Originally known as Weogufka Regional Park, today, Weogufka State Forest encompasses 240 acres including Flagg Mountain in Coosa County, Alabama. The park was constructed by the Civilian Conservation Corps (CCC) during the Great Depression. As part of Roosevelt’s New Deal, the CCC was the first Federal relief program created, the longest running (1933-1942), and the most successful. Unemployed men, especially from urban areas, enrolled in the CCC and were paid, clothed, and housed for their labor. The Weogufka Regional Park project was one of the earliest CCC projects within Alabama. The park was constructed between 1933 and 1936 by CCC Company 260 and Company 4498. The work of these men had a sense of lasting importance, as their efforts were “being expended to construct lasting land marks, and scenic centers for vacationist to enjoy for years to come.” These lasting land marks are still present today in the form of log and stone masonry cabins, as well as the 170 ft tall stone Observation Tower that crowns the summit of Flagg Mountain.
The University of Alabama’s Office of Archaeological Research (OAR), in coordination with the University of Alabama Center for Economic Development, Alabama Forestry Commission, and the Alabama Trails Foundation have been working to list Weogufka State Forest to the National Register of Historic Places. Over the last six months, Architectural Historian Rosalie Pearson has been researching and compiling a history of Weogufka State Forest, including the architecture of the park structures, and the life of the CCC enrollees.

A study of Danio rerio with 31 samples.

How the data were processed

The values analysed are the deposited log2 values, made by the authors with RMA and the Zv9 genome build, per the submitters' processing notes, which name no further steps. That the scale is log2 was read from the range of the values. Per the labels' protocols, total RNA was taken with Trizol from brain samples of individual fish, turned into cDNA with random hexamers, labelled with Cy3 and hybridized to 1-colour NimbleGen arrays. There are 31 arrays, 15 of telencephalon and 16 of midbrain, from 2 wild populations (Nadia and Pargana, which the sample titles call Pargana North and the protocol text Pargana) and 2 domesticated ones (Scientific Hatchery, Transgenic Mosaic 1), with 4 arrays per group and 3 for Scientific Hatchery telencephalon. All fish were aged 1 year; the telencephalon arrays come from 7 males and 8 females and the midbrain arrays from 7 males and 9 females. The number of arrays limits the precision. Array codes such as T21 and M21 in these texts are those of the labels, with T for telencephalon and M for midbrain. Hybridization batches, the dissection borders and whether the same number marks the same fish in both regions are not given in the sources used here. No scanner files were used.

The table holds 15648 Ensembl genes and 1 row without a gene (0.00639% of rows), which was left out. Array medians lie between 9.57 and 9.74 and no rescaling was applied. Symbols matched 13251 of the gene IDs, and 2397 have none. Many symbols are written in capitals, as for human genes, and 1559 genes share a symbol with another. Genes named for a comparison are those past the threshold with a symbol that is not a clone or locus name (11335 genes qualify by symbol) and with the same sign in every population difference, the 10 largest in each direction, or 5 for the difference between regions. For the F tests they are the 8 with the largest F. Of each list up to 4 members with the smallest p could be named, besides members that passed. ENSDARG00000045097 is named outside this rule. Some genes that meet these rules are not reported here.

Join us on May 24th at 5:30 pm as we explore the history of the CCC and the construction and architecture of Weogufka State Forest.
(register below and you will receive an email with the link to the webinar in advance of the program)
Rosalie Gorecki Pearson received her B.A. in Ancient Near Eastern Antiquities in 2004 and her M.A. in Religious Studies in 2007, both from Missouri State University, Springfield, Missouri. She currently works as an Architectural Historian with the University of Alabama Office of Archaeological Research in Moundville, Alabama. Mrs. Pearson has performed Architectural surveys and analysis in Alabama, Louisiana, and Mississippi, as well as on the island of St. Croix in the United States Virgin Islands (USVI). She has written and submitted Historic American Engineering Record (HAER) documentation on Lake Purdy Dam, located in Shelby County, Alabama and has conducted documentation of historic structures throughout the Southeast.